The fate of the Senate, and whether we have a Senate Majority Leader McConnell or Schumer may fall into the hands of the people of Tennessee.
It has been nearly three decades since a Democrat was elected to the Senate from the state of Tennessee, the last time was in 1990 when then Senator Al Gore won his reelection campaign. So what makes this year different? Why could a Democrat finally win in, traditionally, ruby red Tennessee?
The answer is the candidates running.
First, the Democrats picked the only candidate that stood a chance in this state, former Governor Phil Bredesen. Bredesen is the last Democrat to win a statewide election in the state, and he did so convincingly. He won his gubernatorial election in 2006 by over 700,000 votes and managed to win every single county in the state. That is unprecedented for any candidate in any state, much less a Democrat in Tennessee.
Another massive advantage that Bredesen has is his name recognition. Due to this race being for an open seat (the current holder of this seat is not running) name recognition is huge, especially in an off year election. Being the only candidate running to have ever run a statewide campaign in Tennessee he already has support across the state, and has the political infrastructure and experience to run a well-oiled, high stakes campaign. Another helpful attribute that Bredesen has is that he is not as progressive as many other democrats. He has not come out in favor of single-payer healthcare nor does he support the abolition of ICE (Immigration and Customs Enforcement) as many other democrats have done. All of these factors are helping him as he faces a staunch Trump Supporter, Representative Marsh Blackburn.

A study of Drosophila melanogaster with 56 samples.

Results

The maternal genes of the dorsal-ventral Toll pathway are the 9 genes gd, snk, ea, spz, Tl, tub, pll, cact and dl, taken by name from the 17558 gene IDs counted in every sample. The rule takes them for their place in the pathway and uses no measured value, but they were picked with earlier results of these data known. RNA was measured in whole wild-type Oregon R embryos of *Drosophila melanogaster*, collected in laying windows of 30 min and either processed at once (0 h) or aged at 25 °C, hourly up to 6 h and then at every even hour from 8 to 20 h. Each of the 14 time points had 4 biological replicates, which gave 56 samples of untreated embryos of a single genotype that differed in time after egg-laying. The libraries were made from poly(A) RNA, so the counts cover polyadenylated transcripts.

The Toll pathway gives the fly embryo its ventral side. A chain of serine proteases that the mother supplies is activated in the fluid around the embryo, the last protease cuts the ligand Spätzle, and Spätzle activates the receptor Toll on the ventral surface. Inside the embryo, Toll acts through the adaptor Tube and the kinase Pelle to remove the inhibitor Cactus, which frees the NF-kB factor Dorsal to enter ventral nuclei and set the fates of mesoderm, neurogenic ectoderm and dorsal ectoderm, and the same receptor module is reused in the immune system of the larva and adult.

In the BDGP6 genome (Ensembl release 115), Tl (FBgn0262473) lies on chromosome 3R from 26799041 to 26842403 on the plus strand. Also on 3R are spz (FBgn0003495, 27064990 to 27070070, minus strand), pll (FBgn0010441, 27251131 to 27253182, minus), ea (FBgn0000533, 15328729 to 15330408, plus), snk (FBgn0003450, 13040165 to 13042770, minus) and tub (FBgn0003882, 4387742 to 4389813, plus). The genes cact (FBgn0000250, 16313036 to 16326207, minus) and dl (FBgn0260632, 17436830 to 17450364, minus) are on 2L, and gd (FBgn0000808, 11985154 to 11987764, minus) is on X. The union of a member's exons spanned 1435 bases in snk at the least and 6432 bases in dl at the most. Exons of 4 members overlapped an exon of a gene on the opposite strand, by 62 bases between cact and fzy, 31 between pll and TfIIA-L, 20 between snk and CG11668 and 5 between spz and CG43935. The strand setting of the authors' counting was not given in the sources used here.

Blackburn has been a United States Representative since 2003 and, as seems to be the most important thing in Republican circles, has the complete endorsement of the President. Trump has already been to Tennessee and campaigned for Blackburn, whereas the current Republican Senator from the state, Bob Corker, has not endorsed her and says she “has an uphill battle” to win in November. The historical trends of the state, not having voted for a Democrat for President since 1996, and voting for Trump by nearly 30 points, are all natural advantages for her campaign.
That being said, recent polling from Vox is not a good sign for Blackburn. Her favorability/un-favorability rating is 38/37 respectively and the poll shows her losing by 2 points to Bredesen. That is in stark contrast to the generic ballot in that very same poll favoring Republicans over Democrats by 56-44. Another recent poll has her down by 5 points to Bredesen.
All in all, a state that only became competitive when Senator Corker announced his retirement is now, arguably, a favorite for the Democrats (even though 538 has his chances of winning at about 40%). The once unforeseeable reality could be explained by a very popular Democratic candidate, a relatively unpopular Republican candidate, increased enthusiasm from democrats, and an unliked President.
This race has become only another headache for Senate Republicans as they see their chances of maintaining control in the Senate dwindle, as other reliable states like Texas (which will be discussed next week), and Arizona are looking more and more unpredictable.